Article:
Friday review: The Grapes of Wrath

I just finished it. One of the finest books of the last century.

I’m still in a sort of muted shock. The last time I felt this way was when I finished Beloved. It is a book that has something to say and is right to be saying it.

The Grapes of Wrath, published way back in 1939, tells the story of the Joad family as their farm in Oklahoma fails during the depression era and they are forced to move west to search for work. Steinbeck writes very well (he won the Nobel Prize in 1962) and The Grapes of Wrath won the Pulitzer and the National Book Award. The narrative switches between the Joad family and chapters where a certain setting or state is described in detail. A chapter early on where Steinbeck describes how it’s not the man driving the tractor who is going to wreck the Joad’s house, it’s the bank but the Joads shouldn’t get mad at the tractor-man and not at the bank cause the bank doesn’t know and doesn’t care. I surely am not doing it justice, but it is one of the best things I’ve read all year.

The reader feels the Joad’s pain and hunger and desperation as the family falls apart, through death or because people simply leave. The main character, Tom Joad, is just out of prison and on parole so even by just leaving Oklahoma he is breaking the law and all his actions later in the book are influenced by this.

Near the end of the story Tom has been hiding after killing a man but feels he has to leave. He tells his mother and she worries that she’ll never see him again and he tells her:

Wherever they’s a fight so hungry people can eat, I’ll be there. Wherever they’s a cop beatin’ up a guy, I’ll be there … I’ll be in the way kids laugh when they’re hungry an’ they know supper’s ready.

This started Rage Against the Machine’s cover of Bruce Springsteen’s The Ghost of Tom Joad playing in my head and gave me goosebumps. The lyrics don’t match the book but are pretty close:

Now Tom said “Mom, wherever there’s a cop beatin’ a guy
Wherever a hungry newborn baby cries
Where there’s a fight ‘gainst the blood and hatred in the air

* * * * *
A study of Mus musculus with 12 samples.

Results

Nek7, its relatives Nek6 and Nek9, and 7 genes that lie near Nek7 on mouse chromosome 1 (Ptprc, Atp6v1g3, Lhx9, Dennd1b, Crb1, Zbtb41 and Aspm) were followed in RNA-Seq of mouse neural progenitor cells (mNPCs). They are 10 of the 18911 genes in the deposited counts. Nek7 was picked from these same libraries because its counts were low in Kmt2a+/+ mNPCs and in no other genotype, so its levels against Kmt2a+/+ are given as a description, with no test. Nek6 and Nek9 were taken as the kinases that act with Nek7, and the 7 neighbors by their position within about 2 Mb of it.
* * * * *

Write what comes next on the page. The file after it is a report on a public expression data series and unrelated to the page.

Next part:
Look for me Mom I’ll be there
Wherever there’s somebody fightin’ for a place to stand
Or decent job or a helpin’ hand
Wherever somebody’s strugglin’ to be free
Look in their eyes Mom you’ll see me.”

The Grapes of Wrath says so much about class struggle and human decency that I simply can’t do it justice. I feel overwhelmed by the books sheer quality.

It is one of those books that everyone should read. When it came out it was burned and banned, certainly a sign of quality.

And the thing about great enduring works of art is that they enter the culture, inspire more art. And The Grapes of Wrath certainly do that, as the  Bruce Springsteen song shows, as do the movie and stage versions of the book. I myself use language from the first chapter of the book in my current writing, do describe the heat and dust of the setting my novel takes place in.

The Grapes of Wrath is a five-star book, this should be clear to anyone who reads it, whether they like the book or not. There is a certain enduring quality to five star books like Grapes of Wrath, Beloved, Great Expectations and others that comes through as you read.

I leave you now, with the video to Rage Against the Machine’s cover of Springsteen’s Ghost of Tom Joad.


  1. I read this book earlier this year for the first time and I too was struck by how moving it was. It is one of those books that I recommend because it made me think and feel. Not every book has that power.

    I also felt I had to read it because my dad said that growing up as a kid to migrant farmers was much like Grapes of Wrath.


      But it really is one of the best books I’ve read this year.



      However, that passage does, indeed, smell of the words of Jesus.